Nicaragua is on the cusp. It’s being gussied up. Yet it remains—for the moment—a place for in-the-know travelers and adventuresome expats. They’re drawn to the elegant colonial towns and the natural beauty of the Pacific.
Then there’s the super-low cost of living, real estate for a fraction of what you’d pay in the U.S. for similar locations, and the opportunity for a new way of life. “The people are laidback, not motivated by money,” says Brian Richter, 60, a nine-year resident. “It’s helped us learn we don’t need material things to be happy.”
A retired accountant and restaurant owner, Brian came with his wife Eunice, 59, seeking an escape from the cold weather of their native Calgary. “We have a hell of a lot more freedom here than we had back home,” he says.
They live in San Juan del Sur, a once sleepy fishing village just north of the Costa Rican border, that holds the main concentration of expats in the southern-Pacific region.
It’s not hard to see why. The malecón, or seaside promenade, runs the length of the nearly two-mile long protected bay where the town sits. Seafood restaurants line the beach, with fresh-off-the-boat fish. Steep hills rise sharply from the shoreline at the north and south ends of town. Local fishing boats share space with pleasure cruisers in the harbor.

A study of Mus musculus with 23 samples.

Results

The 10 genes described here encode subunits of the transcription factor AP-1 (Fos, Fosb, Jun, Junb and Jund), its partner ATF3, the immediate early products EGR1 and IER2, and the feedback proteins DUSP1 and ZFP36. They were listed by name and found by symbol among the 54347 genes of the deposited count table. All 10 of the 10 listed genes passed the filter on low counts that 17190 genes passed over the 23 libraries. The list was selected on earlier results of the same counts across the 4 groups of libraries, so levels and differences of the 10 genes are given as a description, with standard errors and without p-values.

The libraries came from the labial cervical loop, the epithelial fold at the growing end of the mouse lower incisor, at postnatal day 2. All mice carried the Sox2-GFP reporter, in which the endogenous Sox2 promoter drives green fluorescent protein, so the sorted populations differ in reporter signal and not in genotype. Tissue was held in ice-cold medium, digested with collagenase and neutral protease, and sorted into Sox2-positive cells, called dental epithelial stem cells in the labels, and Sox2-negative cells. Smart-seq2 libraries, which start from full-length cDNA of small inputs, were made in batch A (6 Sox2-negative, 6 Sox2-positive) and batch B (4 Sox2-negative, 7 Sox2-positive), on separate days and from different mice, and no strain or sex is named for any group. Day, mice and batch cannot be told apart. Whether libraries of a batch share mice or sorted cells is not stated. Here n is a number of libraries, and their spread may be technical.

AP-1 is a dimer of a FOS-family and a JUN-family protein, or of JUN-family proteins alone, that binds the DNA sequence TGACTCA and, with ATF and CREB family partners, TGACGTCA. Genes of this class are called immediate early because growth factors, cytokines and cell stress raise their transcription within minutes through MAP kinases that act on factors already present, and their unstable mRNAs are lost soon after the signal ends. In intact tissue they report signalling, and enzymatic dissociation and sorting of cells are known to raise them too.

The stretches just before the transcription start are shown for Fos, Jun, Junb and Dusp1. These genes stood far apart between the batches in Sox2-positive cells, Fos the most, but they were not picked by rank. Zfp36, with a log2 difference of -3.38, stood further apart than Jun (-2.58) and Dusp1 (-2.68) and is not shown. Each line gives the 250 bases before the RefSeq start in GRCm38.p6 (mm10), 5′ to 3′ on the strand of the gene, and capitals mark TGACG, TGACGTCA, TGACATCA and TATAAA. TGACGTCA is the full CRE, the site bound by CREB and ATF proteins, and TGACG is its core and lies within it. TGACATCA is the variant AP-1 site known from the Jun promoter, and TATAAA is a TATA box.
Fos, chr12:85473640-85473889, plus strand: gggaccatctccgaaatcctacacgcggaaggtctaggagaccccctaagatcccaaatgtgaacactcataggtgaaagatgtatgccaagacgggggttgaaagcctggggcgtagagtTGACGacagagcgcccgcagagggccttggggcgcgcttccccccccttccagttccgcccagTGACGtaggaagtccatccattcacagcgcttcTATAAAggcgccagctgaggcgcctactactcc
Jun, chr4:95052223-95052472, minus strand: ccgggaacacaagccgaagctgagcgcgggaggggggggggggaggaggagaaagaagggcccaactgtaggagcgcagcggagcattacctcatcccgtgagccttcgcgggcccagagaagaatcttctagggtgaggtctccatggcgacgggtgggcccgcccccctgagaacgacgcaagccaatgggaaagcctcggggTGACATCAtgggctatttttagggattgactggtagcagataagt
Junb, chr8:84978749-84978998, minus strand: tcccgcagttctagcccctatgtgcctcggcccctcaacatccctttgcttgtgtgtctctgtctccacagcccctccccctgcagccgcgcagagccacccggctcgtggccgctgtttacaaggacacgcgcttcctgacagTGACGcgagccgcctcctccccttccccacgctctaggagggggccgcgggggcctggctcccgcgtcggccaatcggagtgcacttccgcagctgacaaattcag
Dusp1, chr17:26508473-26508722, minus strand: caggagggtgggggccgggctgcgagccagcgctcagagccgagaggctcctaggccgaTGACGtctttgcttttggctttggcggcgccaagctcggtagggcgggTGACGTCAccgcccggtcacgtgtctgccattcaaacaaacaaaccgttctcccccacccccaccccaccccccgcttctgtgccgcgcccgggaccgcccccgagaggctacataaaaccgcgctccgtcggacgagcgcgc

The town is painted in a rainbow of bright colors. It’s charmingly shabby, with worn wooden buildings, faded signs, and palm-roofed, seaside shacks. Wear more than shorts and a t-shirt, and you’re way overdressed. In the heat of the day all you want to do is lay in a hammock in a shady spot.
But by early evening the malecón fills with strolling Nica families and expats headed to dinner. The nightlife is lively, and you’ll hear people in the street into the wee hours. No wonder most expats live outside the town center.
There are bargains to be had in San Juan del Sur. By the beach, you can get a cold beer for $1 and a heaping bowl of ceviche for $6 in Bar Restaurant Josseline. It’s the perfect spot for sitting in the shade, watching the water, on a hot day. And when the sun is going down, head up to the Pelican Eyes Resort to watch the magnificent sunset. (Fresh pineapple and Flor de Caña rum drinks are just $1 at happy hour.)
Despite this being a popular destination for expats, property remains reasonable here, too. A recent property listing here featured a two-bedroom, modern oceanfront condo for $150,000. And a 2,300-square-foot, three-bedroom villa, set on a hill with a view of the bay, just sold for $250,000.